Typing Test Preparation: Practice, Tips & Information

With so many jobs requiring computer skills, it's important to have your typing abilities up to par. One way employers check a candidate's typing skills is by having them take a typing test. JobTestPrep provides test practice, tips, and more to help you improve your typing abilities.

Typing Practice
  • Realistic typing test simulations
  • Detailed score reports & explanations
  • Money back guarantee – see terms and conditions

Typing tests are used to measure how quickly and accurately you can type in a given amount of time. Speed and accuracy are the key factors for determining your WPM (words per minute). Once a passage is presented, candidates have a given amount of time to type the passage as quickly and accurately as possible. Once the time is up, the test is immediately scored and candidates or employers can view and analyse the results.

As more companies begin to require typing tests during the pre-employment process, it's important to be aware of where your typing abilities rank so that you know if it's necessary to improve your skills or to work on maintaining them. Test your skills with our typing simulation practice.

Jobs That Use Typing Tests During the Hiring Process

Typing tests are typically given out to candidates during the pre-employment process as this is a way for employers to distinguish between qualified and unqualified candidates.

Different professions require different typing skills. Some jobs are more concerned with overall speed, while others focus on accuracy. Other jobs require both categories to be near perfect.

These are the average WPM scores of different professions:

  • Clerical jobs35-40 WPM
  • Administrative jobs: 35-40 WPM
  • Civil service jobs: 40 WPM
  • Typists and legal secretaries: 50-60 WPM
  • Computer coders: 60 WPM
  • Transcriptionists: 60-75 WPM
  • Data entry: 70-75 WPM
  • 999 operators/Dispatchers: 80-85 WPM
  • Stenographer: 200 WPM (they use a stenotype)

Keep in mind that some of these jobs have different typing levels within them (beginner, intermediate, advanced) and that the average adult types 40 WPM.

Our typing test preparation package has a variety of texts and test lengths to choose from, ensuring you receive the best preparation possible. 

Typing Test Format

Most typing tests are formatted similarly; however, not all typing tests are the same. Typically, they differ in the text they use, the duration of the test, and the way errors are corrected and counted.

Typing Text

The passages on typing tests can vary. Sometimes the passage reflects the job position and company, while other passages are randomly selected. Another aspect of typing tests is that some passages only focus on letters and punctuation, while other passages include letters, punctuation, numbers, and symbols.


Another aspect of typing tests is the duration. Typical typing tests are either in 1, 2, 3, 5, or 10-minute increments. However, something to keep in mind is that if you're using your typing test results for employment purposes, most employers will only accept results from a test that is five minutes or longer. Longer typing tests are preferred because it gives employers a more accurate account of someone's typing skills.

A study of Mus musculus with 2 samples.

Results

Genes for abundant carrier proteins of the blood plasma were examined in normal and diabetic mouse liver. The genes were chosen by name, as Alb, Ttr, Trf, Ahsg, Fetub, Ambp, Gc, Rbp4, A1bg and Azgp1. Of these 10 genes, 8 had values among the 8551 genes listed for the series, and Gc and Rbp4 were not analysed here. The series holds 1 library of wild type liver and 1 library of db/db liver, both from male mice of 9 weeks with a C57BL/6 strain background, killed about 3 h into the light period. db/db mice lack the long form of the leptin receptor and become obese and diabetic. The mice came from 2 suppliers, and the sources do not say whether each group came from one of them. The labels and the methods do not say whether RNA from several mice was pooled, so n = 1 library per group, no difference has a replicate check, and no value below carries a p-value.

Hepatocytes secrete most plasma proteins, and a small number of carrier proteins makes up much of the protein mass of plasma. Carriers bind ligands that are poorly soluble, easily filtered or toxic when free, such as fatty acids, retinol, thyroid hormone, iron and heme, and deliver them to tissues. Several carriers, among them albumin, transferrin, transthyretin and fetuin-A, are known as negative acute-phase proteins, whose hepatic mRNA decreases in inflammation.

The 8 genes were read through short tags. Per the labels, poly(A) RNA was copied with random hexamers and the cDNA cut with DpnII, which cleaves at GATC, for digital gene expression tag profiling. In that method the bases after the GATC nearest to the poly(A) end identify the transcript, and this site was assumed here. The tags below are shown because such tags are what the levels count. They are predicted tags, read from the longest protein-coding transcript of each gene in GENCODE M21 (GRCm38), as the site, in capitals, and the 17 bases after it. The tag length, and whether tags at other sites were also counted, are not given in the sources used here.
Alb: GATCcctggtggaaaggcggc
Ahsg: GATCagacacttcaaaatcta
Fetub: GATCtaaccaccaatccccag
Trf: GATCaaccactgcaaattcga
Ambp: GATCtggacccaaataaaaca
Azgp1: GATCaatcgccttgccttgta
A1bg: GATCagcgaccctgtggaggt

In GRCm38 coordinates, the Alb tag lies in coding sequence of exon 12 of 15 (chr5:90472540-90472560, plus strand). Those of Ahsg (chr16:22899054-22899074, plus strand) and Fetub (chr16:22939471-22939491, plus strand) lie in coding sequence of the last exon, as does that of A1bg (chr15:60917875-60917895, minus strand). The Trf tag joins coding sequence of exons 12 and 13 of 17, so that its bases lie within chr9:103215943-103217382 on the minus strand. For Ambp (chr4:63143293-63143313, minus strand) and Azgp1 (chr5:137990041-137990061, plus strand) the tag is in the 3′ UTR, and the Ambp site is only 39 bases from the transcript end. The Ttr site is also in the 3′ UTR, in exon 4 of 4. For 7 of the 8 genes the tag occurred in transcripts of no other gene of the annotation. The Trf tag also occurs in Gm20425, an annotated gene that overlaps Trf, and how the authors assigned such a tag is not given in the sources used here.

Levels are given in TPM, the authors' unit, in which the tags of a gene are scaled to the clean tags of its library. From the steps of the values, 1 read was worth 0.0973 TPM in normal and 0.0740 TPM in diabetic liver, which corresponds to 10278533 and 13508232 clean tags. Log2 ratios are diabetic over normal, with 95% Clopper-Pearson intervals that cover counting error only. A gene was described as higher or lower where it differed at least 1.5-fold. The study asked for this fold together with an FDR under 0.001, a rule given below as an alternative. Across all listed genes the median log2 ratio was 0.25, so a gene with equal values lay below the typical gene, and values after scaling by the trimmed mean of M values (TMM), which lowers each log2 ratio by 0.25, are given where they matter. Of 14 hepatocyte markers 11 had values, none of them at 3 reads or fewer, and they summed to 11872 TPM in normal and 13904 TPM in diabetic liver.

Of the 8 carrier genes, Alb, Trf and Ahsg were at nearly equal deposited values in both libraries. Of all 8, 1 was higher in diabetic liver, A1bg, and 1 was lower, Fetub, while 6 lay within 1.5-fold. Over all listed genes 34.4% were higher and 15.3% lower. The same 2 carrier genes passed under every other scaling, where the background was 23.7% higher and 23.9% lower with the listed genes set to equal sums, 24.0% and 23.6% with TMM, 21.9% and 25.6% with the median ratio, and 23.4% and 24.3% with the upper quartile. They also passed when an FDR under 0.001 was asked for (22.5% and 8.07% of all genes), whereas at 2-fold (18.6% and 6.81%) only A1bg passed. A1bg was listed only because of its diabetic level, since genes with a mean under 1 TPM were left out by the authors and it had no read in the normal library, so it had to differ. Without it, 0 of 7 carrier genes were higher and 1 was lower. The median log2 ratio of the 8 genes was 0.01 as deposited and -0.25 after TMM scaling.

Test Mistakes

Some tests do not allow you to use backspace, which prevents you from correcting an error, while other tests will not let you precede unless the error is corrected. This being said, it is very important to read the directions of each test.

JobTestPrep took all of these components into account when creating the typing test preparation package.

What Is Assessed on a Typing Test?

Accuracy and Words Per Minute

Typing accuracy means being able to type words and sometimes characters (symbols and numbers) correctly. This may sound simple, but most typing tests only consider a word to be a unit of five characters or more.

For example, the word 'typed' would count as one word because there are five characters, the phrase 'type quick' would count as two words because there are 10 characters (including the space), but the phrase 'the' would not be counted because it is only three characters. However, typing accurately is only half the battle; speed is the other component to increasing WPM count.


Speed means being able to quickly type the correct passage. However, there are two different measurements of typing speed: gross and net typing speed. Gross typing speed refers to the total amount of words typed, including errors. Net speed is the total amount of words typed after the deduction of errors.

Typing Test Tips

It's always a good idea to brush up on your typing skills. Here are several ways you can improve your typing score.

  • Familiarise yourself with the keyboard.
  • Use all your fingers instead of peck typing (using one or two fingers).
  • Read the test directions and know how you can correct errors, if at all.
  • Practise before taking the typing test.
  • While taking the test, try to read a word or two ahead.
  • Try not to look at the keyboard.
  • Pace yourself if you're taking a longer typing test.
  • Sit up and set your hands to home row position (place your left index finger on the 'F' key, your middle finger on the 'D' key, your ring finger on the 'S' key, and your pinky on the 'A' key. Now, place your right index finger on the 'J' key, your middle finger on the 'K' key, your ring finger on the 'L' key, and your pinky on the 'semicolon' key).

Prepare for Your Typing Test

JobTestPrep's customised Typing Test PrepPack™ is centered on a typing test simulation. In addition to the simulation, we have provided you with information regarding test content, typing certification, jobs that use typing tests, along with their specific requirements, and typing tips. All of this material has been included to help you pass your typing test. Start preparing for your typing test today with JobTestPrep's customised Typing Test PrepPack™.